After releasing the beta version of TensorFlow 2.0 in June, Google announced its final release on Monday. This release comes with tighter integration with Keras, eager execution enabled by default, promises three times faster training performance, a cleaned-up API, and more.
Key updates in TensorFlow 2.0
Tighter Keras integration for better developer productivity
One of the important updates in TensorFlow 2.0 is its tighter integration with Keras, a popular high-level API used for easy and fast prototyping, building, and training deep learning models. This will enable developers to easily leverage its various model-building APIs including Sequential, Functional, and Subclassing.
Explaining the motivation behind this change, the TensorFlow team wrote, “By establishing Keras as the high-level API for TensorFlow, we are making it easier for developers new to machine learning to get started with TensorFlow. A single high-level API reduces confusion and enables us to focus on providing advanced capabilities for researchers.”
Eager execution enabled by default
In TensorFlow 1.x, developers were required to define an abstract data structure named Graph and to run this graph they needed an encapsulation called Session. TensorFlow 2.0 has eager execution enabled by default to “eagerly” run code, similar to normal Python code.
Eager execution enables fast iteration and intuitive debugging without building a graph. It also makes creating and experimenting with models using TensorFlow much easier. It can be especially useful when using the tf.keras model subclassing API.
Distribution Strategy API
The Distribution Strategy API in TensorFlow 2.0 allows machine learning researchers to distribute training across a wide variety of compute configurations. This will allow them to “attain great out-of-the-box performance” with minimal code changes. This release also allows distributed training with Keras’ model.fit and custom training loops.
Performance improvements on GPUs
TensorFlow 2.0 includes multi-GPU support and experimental support for multi worker and Cloud TPUs. This release also has a number of performance improvements on GPUs. It promises three times faster training performance when using mixed precision on NVIDIA’s Volta and Turing GPUs. It includes tight integration with NVIDIA TensorRT, a platform for high-performance deep learning inference.
The standardized SavedModel file format
The SavedModel API allows you to save your trained ML model into a language-neutral format. With TensorFlow 2.0, all TensorFlow ecosystem projects including TensorFlow Lite, TensorFlow JS, TensorFlow Serving, and TensorFlow Hub, support SavedModels.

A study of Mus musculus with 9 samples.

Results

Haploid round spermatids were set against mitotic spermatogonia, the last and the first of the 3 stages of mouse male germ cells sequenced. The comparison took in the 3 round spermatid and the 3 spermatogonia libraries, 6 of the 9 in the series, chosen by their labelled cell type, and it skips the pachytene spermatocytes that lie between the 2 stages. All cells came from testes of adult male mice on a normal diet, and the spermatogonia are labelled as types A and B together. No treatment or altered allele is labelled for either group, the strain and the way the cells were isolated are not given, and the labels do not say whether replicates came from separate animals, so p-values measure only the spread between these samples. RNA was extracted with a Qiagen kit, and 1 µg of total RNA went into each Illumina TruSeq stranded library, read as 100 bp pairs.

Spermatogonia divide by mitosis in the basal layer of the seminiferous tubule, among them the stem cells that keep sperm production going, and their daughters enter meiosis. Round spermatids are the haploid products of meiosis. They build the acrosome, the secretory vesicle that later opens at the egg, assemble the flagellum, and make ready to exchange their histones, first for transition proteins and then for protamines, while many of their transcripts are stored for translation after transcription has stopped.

Standardizing the SavedModel file format will enable developers to run their models on a variety of runtimes including the cloud, web, browser, Node.js, mobile, and embedded systems.
“This allows you to run your models with TensorFlow, deploy them with TensorFlow Serving, use them on mobile and embedded systems with TensorFlow Lite, and train and run in the browser or Node.js with TensorFlow.js,” the team writes.
TensorFlow 2.0 includes a number of API updates. Many API symbols are removed or renamed for better consistency and clarity. Also, the tf.app, tf.flags, and tf.logging API are removed in favor of abseil-py.
Because of the huge number of API changes, developers in a discussion on Hacker News expressed that transitioning from TensorFlow 1.X to TensorFlow 2.0 is quite complicated. Some also mentioned switching to PyTorch instead.
A user commented, “As someone who uses TensorFlow a lot, I predict an enormous clusterfuck of a transition. Tensorflow has turned into a multiheaded monster, supporting many things and approaches but none of them very well…In my opinion, there are some architectural problems with TF, which have not been addressed in this update…If you need to transition from TF1 to TF2, consider doing the TF1 to PyTorch transition instead.”
While some others were happy with the recommended Keras API and eager execution. “I don’t know if I’m the only one, but I actually love the changes they’ve made since v1. Eager execution and tf.function are fantastic, and the built-in Keras is even better than the standalone version. A big improvement compared to TF from last year,” a user commented on Reddit.
Another user added, “The most important change in terms of usability, IMO, is the use of tf.keras as the recommended interface to TensorFlow. There hasn’t been a case yet where I’ve needed to dip outside of Keras into raw TensorFlow, but the option is there and is easy to do. That said, TF 2.0 changes a lot. Many repos might break, so expect to see lots of tensorflow==1.14 in requirement.txt files from now on.”